Newseum Blacks Out Front Pages to Commemorate Fallen Journalists

What does a world #WithoutNews look like?

Every newspaper front page displayed¬†by the Newseum this morning was identical: a blacked out front, headlined with a¬†#WithoutNews hashtag and the following text: “Today, the Newseum pauses to reflect on the sacrifice of the journalists who died reporting the news in 2014. Join us in raising awareness of the threats to journalists around the world.”

Fourteen of the  journalists who died in 2014 were honored by the Newseum this morning in the annual memorial rededication ceremony of its Journalists Memorial. Keynote speaker Kathy Gannon, an Associated Press correspondent, could have ended up on that list alongside colleague and prize-winning photographer Anja Niedringhaus when the two were fired upon in their vehicle by a member of the Afghan security team meant to protect them during an assignment in Eastern Afghanistan last year. Niedringhaus was killed instantly, while Gannon went through reconstructive surgery and months of physical therapy following the attack.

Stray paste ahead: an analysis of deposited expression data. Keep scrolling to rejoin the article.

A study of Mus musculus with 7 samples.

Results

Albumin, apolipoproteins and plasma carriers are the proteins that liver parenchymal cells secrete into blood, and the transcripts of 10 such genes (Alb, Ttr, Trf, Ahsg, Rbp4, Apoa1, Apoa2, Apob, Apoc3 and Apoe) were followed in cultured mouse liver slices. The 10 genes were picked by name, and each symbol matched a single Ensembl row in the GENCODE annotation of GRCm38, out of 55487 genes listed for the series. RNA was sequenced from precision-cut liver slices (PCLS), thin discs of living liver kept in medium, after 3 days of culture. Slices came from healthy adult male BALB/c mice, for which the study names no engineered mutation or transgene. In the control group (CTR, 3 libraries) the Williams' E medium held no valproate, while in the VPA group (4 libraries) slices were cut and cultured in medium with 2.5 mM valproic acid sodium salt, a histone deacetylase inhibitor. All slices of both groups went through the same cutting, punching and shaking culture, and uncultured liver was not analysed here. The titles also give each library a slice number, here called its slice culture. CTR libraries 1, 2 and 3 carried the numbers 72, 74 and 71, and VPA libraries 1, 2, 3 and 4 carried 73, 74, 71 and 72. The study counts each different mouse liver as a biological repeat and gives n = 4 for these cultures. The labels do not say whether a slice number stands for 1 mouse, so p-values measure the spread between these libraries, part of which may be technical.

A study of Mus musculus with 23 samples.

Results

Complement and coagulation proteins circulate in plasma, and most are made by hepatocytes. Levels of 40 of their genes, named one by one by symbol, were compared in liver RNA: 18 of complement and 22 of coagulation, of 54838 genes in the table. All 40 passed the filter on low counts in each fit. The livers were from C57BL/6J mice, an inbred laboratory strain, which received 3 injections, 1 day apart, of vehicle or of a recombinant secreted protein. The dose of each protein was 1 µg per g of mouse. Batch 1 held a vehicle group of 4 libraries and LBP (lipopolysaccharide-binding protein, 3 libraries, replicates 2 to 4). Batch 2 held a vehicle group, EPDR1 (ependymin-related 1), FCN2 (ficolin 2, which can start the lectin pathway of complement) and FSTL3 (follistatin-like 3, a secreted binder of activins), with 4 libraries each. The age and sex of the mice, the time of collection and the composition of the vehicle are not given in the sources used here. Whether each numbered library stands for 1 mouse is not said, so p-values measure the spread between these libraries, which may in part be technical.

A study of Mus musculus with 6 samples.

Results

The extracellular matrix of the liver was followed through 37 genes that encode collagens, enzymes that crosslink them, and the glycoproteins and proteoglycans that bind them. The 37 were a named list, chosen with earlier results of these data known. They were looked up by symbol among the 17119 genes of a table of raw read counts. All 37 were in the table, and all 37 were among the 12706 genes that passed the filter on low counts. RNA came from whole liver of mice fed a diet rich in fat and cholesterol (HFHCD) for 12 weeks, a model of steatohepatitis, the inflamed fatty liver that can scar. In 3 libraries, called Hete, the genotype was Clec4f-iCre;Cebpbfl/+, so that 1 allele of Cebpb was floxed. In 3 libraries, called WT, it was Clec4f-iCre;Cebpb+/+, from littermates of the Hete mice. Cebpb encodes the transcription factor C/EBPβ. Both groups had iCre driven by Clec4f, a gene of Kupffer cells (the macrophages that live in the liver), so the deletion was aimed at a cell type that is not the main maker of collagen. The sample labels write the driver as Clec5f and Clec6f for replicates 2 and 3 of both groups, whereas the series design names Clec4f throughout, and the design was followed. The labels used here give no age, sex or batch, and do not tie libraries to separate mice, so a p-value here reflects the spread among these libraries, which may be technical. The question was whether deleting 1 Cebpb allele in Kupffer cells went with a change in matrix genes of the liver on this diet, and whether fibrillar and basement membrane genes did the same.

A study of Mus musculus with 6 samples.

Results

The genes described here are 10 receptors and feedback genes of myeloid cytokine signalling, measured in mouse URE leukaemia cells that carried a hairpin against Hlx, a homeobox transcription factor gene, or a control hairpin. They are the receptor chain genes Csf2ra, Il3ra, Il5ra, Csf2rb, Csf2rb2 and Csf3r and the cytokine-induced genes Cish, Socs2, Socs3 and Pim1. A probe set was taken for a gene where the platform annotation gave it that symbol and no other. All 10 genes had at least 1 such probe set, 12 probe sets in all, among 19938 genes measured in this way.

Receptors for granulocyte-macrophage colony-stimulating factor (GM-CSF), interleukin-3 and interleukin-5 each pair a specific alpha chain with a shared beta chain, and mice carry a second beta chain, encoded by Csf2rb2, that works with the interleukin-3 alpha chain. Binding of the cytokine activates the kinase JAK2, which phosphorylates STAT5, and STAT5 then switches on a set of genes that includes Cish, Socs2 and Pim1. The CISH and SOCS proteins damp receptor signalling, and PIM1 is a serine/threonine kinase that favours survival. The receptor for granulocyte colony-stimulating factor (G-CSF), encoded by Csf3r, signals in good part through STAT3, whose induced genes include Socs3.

The other journalists added to the Journalists Memorial, which now holds 2,271¬†names, included¬†James Foley, Steven Sotloff¬†,¬†Luke Somers and the Washington Post’s¬†Michel du Cille.

In addition to commemorating the fallen journalists, the Newseum launched a social-media awareness-raising campaign asking people to imagine a world without news and tag their thoughts on what that would look like with the #WithoutNews hashtag.